Guide to Towbars & Towing Electrics

In this guide brought to you by TowInfinity, we aim to give you an overview of how towbars work, the different types of towbars available as well as how to fit them. We also cover how to choose the correct towbar electrics for your needs.

Types of Towbar

One of the most important decisions to make when purchasing a tow bar is what type of neck you're after. Their are primarily 3 different types of towbar neck to choose from. Read our guide below to learn about the different towbar types on offer.

TowTrust Fixed Neck
Fixed Flange

The fixed flange is perfect for utility or comemrical vehicles. There are lots of alternative options when opting for a Fixed flange towbar. Aftermarket hitches such as adjustable couplings and bike racks can be fitted.

Towtrust Swan Neck
Swan Neck

The Swan Neck is one of the most common neck types used throughout Europe. With the strength of a traditional fixed flange type while having a sleeker and less intrusive design. The slim neck profile reduces the chance of this neck type inadvertently triggering your reversing sensors.

TowTrust Detachable
Detachable

Detachable towbars are perfect for infrequent towers. Detachable towbars can be easily removed from your vehicle when not required, maintaining your vehicles stock appearance for the most part. Some detachables do require a larger bumper cut for the mechanism however.

How Towbars are Fitted?

Long gone are the days where towbar fitters would have to weld or fabricate a towbar to fit your vehicle. New towbars are never welded to your vehicles frame, but instead bolted to your vehicle using pre-specified points as provided by the vehicle manufacturer.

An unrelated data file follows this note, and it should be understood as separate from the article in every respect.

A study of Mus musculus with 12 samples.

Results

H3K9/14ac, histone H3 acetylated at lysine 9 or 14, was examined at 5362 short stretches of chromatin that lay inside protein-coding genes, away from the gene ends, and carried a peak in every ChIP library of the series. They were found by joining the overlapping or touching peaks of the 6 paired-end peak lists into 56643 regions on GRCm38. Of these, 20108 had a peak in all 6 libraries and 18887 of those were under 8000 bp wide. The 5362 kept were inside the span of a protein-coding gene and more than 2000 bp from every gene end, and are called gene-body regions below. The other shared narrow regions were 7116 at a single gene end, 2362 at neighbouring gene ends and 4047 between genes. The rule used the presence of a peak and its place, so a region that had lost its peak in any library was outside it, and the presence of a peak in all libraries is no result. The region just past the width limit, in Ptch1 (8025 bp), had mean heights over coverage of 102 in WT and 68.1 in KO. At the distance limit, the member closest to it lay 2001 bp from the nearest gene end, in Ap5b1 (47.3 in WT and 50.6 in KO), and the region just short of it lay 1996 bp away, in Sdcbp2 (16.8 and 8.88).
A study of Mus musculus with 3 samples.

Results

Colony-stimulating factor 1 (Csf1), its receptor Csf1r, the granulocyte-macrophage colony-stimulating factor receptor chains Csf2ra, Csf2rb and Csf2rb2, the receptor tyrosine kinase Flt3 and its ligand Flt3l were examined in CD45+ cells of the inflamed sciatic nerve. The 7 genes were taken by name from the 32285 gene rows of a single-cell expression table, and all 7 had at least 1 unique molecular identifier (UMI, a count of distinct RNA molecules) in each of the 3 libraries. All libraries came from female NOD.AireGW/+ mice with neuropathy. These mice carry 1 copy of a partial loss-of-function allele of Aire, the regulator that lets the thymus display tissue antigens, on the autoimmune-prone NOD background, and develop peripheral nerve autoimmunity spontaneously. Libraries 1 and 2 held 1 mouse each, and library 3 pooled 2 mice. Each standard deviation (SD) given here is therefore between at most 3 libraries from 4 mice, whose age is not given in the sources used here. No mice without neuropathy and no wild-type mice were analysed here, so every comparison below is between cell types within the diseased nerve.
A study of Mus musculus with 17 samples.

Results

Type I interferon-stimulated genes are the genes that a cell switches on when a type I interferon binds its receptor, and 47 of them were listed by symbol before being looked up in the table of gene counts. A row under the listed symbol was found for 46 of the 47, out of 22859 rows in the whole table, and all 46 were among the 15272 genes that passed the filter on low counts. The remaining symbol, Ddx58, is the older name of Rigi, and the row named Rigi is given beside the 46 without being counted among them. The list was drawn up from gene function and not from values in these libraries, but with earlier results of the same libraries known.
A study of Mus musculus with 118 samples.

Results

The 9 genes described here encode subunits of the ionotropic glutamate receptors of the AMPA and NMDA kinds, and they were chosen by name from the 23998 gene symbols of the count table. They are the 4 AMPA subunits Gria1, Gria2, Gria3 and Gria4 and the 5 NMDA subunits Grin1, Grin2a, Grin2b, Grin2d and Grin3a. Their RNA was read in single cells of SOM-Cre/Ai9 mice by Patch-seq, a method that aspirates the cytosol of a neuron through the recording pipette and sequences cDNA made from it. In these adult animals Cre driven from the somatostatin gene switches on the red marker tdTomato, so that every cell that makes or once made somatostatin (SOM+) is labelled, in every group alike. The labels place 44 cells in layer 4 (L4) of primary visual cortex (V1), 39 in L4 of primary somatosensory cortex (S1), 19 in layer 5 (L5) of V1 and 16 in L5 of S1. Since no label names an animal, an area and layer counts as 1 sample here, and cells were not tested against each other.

Fitting a towbar can be quite involved, often involving removing the rear bumper, lights and rear interior trim.

Electric Socket Types

If you want to tow on a public road, you'll need some sort of electrics to provide power for the lights on your trailer and optionally provide a permanent and switched power feed to your caravan.

7 Pin Socket (12N)

The 7 Pin socket is the traditional option, a 7 pin socket provides power to the following lights on your trailer: Brakes, Sidelights, Indicators and Fog. Consider this socket if you're going to only be towing trailers and don't require the auxillary power feeds that the other types below provide.

13 Pin Socket

The 13 Pin socket is the newest of the three, widely used and recommended over the Twin setup below in almost all instances. The 13 Pin Plug uses a more secure locking mechanism compared to the older 7N and 7S types. This creates a stronger and more water-tight seal. A 13 Pin socket powers all the lights that a 7 Pin does with the addition of the Reverse light. In addition, the 13 Pin socket provides two supplementary power feeds to power accessories in whatever you're towing (used primarily on caravans). One feed is provided as Permanent Power, and is available even when the engine on the towing vehicle is turned off. The other feed is tied to the ignition of your vehicle and provides power only when your vehicles engine is running.

Twin Sockets (12N + 12S)

A Twin Socket setup consists of both 7N and 7S sockets. Commonly found on older caravans, this was the primary method of getting supplementary power feeds to older caravans before the introduction of the 13 Pin Socket. Twin sockets can still be bought, however most dedicated kits won't give an option for Twin Sockets, so you might have to either go for a Universal kit or modify the dedicated one. The good news is older twin sockets can in most circumstances easily be converted to a 13 Pin socket.